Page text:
Hello! We haven’t had the chance to properly introduce ourselves yet. We’re Intopia. We’re a group of people that want to make the world a better place. In our latest venture, we’re focusing in particular on making sure that the digital world is more inclusive.

We’ve all been part of the accessibility community for a while, whether it be operating our own business, promoting the cause as a part of a non-profit organisation, or being a part of a consultancy company. But with this being our first Global Accessibility Awareness Day working together as Intopia, we took the opportunity to reflect and ask ourselves ‘what does accessibility mean to me?’

Our Director of Accessibility Services, Sarah Pulis, wears many hats around this time of year. Some of you may know her as the co-founder of the A11y Bytes events, running for its fourth year in four cities in 2016.

I work with technology because I love it. For some people, the ever changing technological landscape leads to frustrations about keeping up with the latest framework or language or wearable device. I’m excited by the latest framework or language or wearable device (even the ones I don’t understand). I am also old enough to remember when we didn’t have computers or the internet and the changes these have brought to our lives.

So too is Ron McCallum. If you haven’t listening to his TED talk How technology allowed me to read then you definitely should today — it is the fifth Global Accessibility Awareness Day after all. Ron reminisces about his very first ‘blind computer’. A computer that allowed him to read back over the book he was writing instead of having to write it purely from memory. He also talks about the invention of the screen reader JAWS and how this technology is now available on his iPhone that he can take anywhere with him.

My joy in the ability to connect with people around the world, find out information about nearly any topic I want or help me get from A to B because my sense of direction sucks should be the same joy experienced by everyone. That’s why accessibility is important to me. That is why I do what I do and why I feel that digital accessibility is so much more than a job to me. It’s important that everyone can not only use technology, but experience that joy when they are using it.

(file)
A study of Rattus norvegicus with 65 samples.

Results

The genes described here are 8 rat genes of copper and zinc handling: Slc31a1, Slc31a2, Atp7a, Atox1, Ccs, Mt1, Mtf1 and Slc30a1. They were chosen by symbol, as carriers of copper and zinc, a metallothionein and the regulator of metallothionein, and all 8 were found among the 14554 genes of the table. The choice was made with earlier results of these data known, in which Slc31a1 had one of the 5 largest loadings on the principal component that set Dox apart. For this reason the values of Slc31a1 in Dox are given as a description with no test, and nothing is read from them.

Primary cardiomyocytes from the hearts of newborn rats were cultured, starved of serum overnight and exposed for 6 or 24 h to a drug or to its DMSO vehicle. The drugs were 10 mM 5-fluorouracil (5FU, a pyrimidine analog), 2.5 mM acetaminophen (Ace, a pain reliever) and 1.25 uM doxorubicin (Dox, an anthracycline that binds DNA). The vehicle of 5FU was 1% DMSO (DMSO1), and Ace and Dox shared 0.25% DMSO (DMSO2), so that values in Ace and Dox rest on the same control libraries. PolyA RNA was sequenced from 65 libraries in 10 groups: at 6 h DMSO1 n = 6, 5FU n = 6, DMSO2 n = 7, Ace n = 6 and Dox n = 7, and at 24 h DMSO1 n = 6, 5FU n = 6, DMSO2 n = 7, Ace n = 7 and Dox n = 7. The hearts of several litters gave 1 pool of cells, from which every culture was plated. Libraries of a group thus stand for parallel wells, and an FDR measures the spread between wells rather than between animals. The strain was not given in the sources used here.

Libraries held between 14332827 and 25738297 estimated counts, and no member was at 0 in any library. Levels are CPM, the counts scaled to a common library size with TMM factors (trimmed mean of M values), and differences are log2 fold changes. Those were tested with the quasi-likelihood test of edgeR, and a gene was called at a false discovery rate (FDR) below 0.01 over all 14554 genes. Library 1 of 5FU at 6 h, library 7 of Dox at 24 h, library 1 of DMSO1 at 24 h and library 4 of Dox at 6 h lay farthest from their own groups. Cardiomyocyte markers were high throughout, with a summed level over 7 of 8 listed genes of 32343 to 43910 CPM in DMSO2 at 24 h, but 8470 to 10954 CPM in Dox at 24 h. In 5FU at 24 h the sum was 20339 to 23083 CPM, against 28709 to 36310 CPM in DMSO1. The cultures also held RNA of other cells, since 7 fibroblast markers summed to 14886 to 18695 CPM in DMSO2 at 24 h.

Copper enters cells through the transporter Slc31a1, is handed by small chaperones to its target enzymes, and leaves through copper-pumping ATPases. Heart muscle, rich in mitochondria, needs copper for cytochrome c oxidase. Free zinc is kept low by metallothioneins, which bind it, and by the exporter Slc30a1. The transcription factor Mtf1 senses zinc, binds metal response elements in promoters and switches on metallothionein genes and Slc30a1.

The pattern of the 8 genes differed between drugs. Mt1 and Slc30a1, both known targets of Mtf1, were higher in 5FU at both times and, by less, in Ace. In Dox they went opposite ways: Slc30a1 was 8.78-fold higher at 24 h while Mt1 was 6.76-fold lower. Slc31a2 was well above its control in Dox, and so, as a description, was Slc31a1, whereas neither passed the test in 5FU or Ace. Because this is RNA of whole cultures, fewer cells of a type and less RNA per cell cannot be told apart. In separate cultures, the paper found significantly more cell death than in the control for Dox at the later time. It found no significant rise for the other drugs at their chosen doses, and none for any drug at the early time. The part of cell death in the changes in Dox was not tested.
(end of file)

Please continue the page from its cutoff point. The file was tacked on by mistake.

Adem Cifcioglu, our Director of Accessible Technologies, has also been a part of accessibility from a grass roots level for many years. He’s also involved in the A11y Bytes and Camp events and runs the Melbourne Accessibility and Inclusive Design Meetup. For him, it’s about independence.

Accessibility is important to me, because it allows for independence. It’s the difference between someone being able to do something on their own or having to ask for help.

For people with disabilities in particular, accessibility could be the difference between someone being able to participate in an activity or being excluded from it.

Accessibility is about people, and as the ‘builders’ of our digital world, it’s up to us to make sure that the things we build are usable by all.

Our Accessibility Engagement Manager, Chris Pycroft, is incredibly passionate about equality, and thinks that no person should ever feel excluded, no matter the form.

Accessibility is important to me because it’s a fundamental human right. No person should be denied access to an essential service or information purely on the grounds of their ability.

In an era of rapid technological advancement, it’s so incredibly important to place user-centred design and user experience at the forefront of any and all development. Why create something, only to reduce your reach by literally millions of people on day one? It doesn’t make sense. Inclusion, digital or otherwise, is everyone’s responsibility.

Stewart Hay, our Managing Director, believes that incorporating accessibility into everything that you do improves efficiency and has significant benefits.

My interest has always been about helping organisations maximise the use of their information resources to improve how they operate. I believe access to and understanding of information is the key to success.

Usually this is an internally focused exercise focused on empowering and enabling staff. But as you broaden your perspective you begin to realise that this is an issue for everyone. Not just from the perspective of good customer service but as a way to allow everyone to be successful on a daily basis. Easy access to information can result in people making better and more informed decisions and fostering greater creativity and innovation.

In this Age of Information we should never have barriers to accessing information. It only limits our ability to grow and be successful as a society.

All of us know, the user should be at the centre of everything you do, but why it’s important is incredibly different for each of us. That’s what makes us… us.

If you’re keen to find out more about Global Accessibility Awareness Day, you can head to the Global Accessibility Awareness Day website. It’s so great to see that the list of events happening worldwide grows longer each year, and it’s something that we’re incredibly proud to be a part of.

Happy GAAD!

Global Accessibility Awareness Day is held on the third Thursday in May every year. The day was co-founded by two champions of accessibility, Joe Devon and Jennison Asuncion.